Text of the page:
Belém, in Pará state, is one of Brazil's busiest ports - and it's about 60 miles upriver from the Atlantic ocean! The river is the Pará, part of the greater Amazon river system, separated from the larger part of the Amazon delta by Ilha de Marajó. Belém is built on a number of small islands intersected by channels and other rivers. See the map.
Founded in 1616, Belém was the first European colony on the Amazon but didn't become part of the Brazilian nation until 1775. As the gateway to the Amazon, the port and city grew tremendously in size and importance during the nineteenth century rubber boom, and is now a large city with millions of inhabitants. The newer part of the city has modern buildings and skyscrapers. The colonial portion retains the charm of tree filled squares, churches and traditional blue tiles. On the outskirts of the city, the river supports a group of people called cablocas, who live their lives almost untouched by the busy activities of the city.
- Belém is a port of call not only for commercial shipping but also for cruise liners and those who use the port as entrance to Amazonia. River boats provide the bulk of transportation along the rivers.
- There are domestic flights from Rio de Janeiro, Manaus and other Brazilian cities.plus
international flights from French Guiana, Suriname, and the US via Miami. All arrive and depart from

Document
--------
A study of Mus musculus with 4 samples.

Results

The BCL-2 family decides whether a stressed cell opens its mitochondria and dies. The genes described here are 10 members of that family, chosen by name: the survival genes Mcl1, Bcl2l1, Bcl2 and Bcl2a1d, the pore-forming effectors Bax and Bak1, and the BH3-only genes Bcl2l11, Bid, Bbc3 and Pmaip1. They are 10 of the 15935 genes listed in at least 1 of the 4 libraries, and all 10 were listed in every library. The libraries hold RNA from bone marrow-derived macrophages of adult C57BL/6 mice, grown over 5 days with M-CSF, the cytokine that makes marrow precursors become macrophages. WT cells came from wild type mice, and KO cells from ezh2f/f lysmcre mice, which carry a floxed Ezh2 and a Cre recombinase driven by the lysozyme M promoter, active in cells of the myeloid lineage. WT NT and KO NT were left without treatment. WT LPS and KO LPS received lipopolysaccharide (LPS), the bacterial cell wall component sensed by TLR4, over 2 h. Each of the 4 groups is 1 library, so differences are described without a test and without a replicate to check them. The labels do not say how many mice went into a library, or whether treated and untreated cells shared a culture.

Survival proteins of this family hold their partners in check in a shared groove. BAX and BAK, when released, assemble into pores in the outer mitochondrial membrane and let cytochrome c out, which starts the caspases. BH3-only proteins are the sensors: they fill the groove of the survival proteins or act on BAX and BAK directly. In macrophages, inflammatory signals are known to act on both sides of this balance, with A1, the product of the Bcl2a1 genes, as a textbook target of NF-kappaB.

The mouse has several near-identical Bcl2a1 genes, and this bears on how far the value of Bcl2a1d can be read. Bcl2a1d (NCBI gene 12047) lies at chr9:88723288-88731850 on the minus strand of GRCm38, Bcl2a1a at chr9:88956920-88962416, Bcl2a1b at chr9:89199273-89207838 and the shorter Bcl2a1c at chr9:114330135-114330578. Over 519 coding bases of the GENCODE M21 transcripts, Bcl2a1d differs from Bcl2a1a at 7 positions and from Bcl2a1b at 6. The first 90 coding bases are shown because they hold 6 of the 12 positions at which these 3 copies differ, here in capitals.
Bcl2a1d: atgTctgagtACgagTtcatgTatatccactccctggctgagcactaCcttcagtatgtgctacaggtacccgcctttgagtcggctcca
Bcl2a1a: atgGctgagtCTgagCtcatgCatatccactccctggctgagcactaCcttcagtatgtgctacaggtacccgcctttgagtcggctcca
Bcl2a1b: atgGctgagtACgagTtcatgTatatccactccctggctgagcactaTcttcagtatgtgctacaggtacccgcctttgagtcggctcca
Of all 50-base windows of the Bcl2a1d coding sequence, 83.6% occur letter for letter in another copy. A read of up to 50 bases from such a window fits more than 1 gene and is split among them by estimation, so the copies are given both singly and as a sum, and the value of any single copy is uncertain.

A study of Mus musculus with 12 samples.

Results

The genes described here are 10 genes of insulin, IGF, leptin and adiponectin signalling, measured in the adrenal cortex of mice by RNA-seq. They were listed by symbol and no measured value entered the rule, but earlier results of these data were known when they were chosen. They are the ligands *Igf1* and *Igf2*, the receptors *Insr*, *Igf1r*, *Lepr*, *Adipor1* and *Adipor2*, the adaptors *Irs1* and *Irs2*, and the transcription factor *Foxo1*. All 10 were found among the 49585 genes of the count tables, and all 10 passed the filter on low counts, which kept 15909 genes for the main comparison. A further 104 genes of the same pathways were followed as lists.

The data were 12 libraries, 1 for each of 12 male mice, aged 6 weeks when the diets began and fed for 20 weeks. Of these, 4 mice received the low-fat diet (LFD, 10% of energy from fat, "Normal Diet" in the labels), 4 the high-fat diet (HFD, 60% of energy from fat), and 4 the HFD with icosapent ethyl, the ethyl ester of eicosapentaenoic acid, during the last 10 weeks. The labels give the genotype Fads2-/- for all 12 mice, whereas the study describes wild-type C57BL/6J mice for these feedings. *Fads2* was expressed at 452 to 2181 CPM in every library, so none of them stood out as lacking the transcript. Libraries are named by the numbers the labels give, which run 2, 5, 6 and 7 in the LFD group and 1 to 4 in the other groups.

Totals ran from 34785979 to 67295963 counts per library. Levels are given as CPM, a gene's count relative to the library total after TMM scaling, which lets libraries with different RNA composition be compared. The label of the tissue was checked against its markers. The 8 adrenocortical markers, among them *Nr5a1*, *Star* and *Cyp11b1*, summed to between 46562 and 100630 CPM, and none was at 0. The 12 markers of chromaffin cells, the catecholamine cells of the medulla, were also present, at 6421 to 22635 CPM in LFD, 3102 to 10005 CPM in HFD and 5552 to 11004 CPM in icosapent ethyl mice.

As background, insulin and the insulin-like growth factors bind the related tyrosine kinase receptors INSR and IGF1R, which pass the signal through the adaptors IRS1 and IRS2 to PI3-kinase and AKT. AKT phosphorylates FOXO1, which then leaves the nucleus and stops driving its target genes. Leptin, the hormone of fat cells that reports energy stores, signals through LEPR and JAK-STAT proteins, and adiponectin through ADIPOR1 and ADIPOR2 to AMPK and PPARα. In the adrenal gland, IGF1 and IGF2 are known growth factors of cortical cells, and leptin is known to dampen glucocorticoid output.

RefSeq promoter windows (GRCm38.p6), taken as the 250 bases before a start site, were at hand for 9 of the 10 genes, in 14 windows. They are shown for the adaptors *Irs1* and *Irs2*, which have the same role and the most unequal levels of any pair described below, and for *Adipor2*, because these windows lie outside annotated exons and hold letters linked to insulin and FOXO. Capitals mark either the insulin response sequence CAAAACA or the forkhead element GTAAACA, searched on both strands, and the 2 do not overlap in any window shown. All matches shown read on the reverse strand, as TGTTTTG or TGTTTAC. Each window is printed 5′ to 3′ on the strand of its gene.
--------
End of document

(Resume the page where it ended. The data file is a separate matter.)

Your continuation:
Aeropuerto Internacional Val de Cans north of the city. Check
flights from your area. You can also browse for hotels and car rentals.
There is bus service and taxis into the city.
- Regular bus service connects Belém to Fortaleza, Rio de Janeiro, Belo Horizonte and São Paulo.
When to Go
- Belém is a rainy city and hot. Humidity is very high. The climate is equatorial which means little variance from day to day. The wettest months are between January to May, but whenever you travel, be prepared for daily rain and high temperatures.
- Check today's weather.
- To time your visit for a special event, go to Belém for the Círio de Nazaré on the second Sunday in October. Hymns, bells and fireworks mark the festival to the Virgin of Nazareth, Brazil's largest religious festival.
During the height of the nineteenth century rubber boom, the Ver O Peso market. (photo,) was designed and built in England and assembled in Belém. In addition to the fresh fruit, plants and fish brought to market by dugout canoe, you'll find items for macumba ceremonies, medicinal herbs and potions, alligator and crocodile body parts and anaconda snakes. The market is on the docks, and is one of the largest in Brazil.
Places to Eat and Stay
Belém's culinary heritage is predominantly Indian, and demonstrate both the richness and the tastiness of local favorites.
Browse this list of hotels for rates, availability, amenities, locations and particular information.
Please read the next page for things to do and see.